Originally published in Castine Patriot, August 3, 2017
‘Touring through time’ in Penobscot
Berwyn Peasley finds a spot in the Penobscot Historical Society General Store to sit for a while on July 29.
by Anne Berleant
A warm and lazy weekend on the grounds of the Penobscot Historical Society means greeting friends and neighbors on the porch and inside the General Store—just like in days long gone by.
The Society opened its grounds and buildings for the statewide Touring Through Time weekend on July 29 to 30 and offered an array of baked goods as enticement.
Apart from the General Store, visitors toured three other historical buildings: The Bay School, a one-room schoolhouse built in the 19th century; a building housing antique farm equipment; and a traditional 19th century farmhouse, originally from Newbury Neck Road in Surry and transported piece by piece by a crew headed by Hoyt Hutchins in 1977.
“Hoyt and his crew took it apart, marked every peg and put it back together,” Society member Rose Grindell recalled.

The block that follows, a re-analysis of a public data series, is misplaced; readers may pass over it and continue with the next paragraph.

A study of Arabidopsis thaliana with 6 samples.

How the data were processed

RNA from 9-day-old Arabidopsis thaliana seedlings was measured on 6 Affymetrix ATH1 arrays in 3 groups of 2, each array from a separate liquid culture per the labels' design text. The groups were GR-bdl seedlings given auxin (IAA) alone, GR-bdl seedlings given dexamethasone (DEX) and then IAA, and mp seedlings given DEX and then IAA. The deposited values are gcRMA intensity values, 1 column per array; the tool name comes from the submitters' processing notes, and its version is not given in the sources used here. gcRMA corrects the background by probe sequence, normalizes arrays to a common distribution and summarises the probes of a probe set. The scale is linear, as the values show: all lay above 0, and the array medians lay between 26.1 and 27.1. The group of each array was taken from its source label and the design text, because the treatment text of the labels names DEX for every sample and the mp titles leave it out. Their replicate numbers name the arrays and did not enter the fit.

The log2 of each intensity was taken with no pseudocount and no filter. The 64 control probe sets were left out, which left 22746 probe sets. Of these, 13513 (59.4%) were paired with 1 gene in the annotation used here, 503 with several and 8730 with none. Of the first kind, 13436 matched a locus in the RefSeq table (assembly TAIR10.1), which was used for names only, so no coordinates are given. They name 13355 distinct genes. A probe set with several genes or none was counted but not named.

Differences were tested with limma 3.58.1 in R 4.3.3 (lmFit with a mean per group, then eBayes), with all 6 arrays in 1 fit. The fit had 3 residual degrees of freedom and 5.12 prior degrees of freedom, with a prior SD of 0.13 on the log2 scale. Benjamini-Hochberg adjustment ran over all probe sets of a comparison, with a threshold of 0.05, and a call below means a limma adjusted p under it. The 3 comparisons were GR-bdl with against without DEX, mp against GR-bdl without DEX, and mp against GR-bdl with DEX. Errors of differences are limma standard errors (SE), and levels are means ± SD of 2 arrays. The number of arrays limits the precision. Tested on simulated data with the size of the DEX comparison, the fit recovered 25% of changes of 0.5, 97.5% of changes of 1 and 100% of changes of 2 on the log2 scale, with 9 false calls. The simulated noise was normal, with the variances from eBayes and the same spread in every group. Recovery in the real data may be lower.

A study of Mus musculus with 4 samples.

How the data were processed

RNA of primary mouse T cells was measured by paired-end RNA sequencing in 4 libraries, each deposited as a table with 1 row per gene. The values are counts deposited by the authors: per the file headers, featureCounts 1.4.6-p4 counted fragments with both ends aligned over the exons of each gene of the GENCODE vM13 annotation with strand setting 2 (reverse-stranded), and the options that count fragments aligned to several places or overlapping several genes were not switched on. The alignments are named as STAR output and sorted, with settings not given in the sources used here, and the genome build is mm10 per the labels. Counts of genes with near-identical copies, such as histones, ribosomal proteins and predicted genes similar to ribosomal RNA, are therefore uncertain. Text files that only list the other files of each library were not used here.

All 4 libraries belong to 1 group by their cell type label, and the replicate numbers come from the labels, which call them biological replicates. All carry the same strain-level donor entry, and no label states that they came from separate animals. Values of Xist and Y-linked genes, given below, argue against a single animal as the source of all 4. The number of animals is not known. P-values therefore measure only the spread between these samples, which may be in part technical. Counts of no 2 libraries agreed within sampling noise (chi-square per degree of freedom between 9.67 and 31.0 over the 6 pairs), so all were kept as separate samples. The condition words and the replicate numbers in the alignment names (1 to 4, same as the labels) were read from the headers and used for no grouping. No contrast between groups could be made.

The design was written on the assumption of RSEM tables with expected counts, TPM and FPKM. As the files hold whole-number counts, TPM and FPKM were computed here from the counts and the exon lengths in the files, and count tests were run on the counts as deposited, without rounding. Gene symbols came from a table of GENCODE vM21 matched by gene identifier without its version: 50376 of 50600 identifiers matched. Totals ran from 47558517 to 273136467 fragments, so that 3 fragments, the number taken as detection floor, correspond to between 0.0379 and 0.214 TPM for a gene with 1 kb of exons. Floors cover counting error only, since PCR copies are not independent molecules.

Downstairs, displays of military uniforms, a crank telephone and other artifacts are on display.
Inside the General Store, wooden plank shelves display canned goods from the canning factory that operated on Northern Bay Road in the 1950s and is now an art gallery and music studio.
“A lot of women worked there, canning pumpkins, beans, corn. They’d hire the young girls right out of school,” Audrey Peasley recalled. “My dad made the machinery that canned blueberries for Duncan Hines.”
Formed in 1977, the Society works to preserve Penobscot’s history and have visitors explore its past.
“We have a good team here,” Grindell said. “A lot of our people are in their 80s.”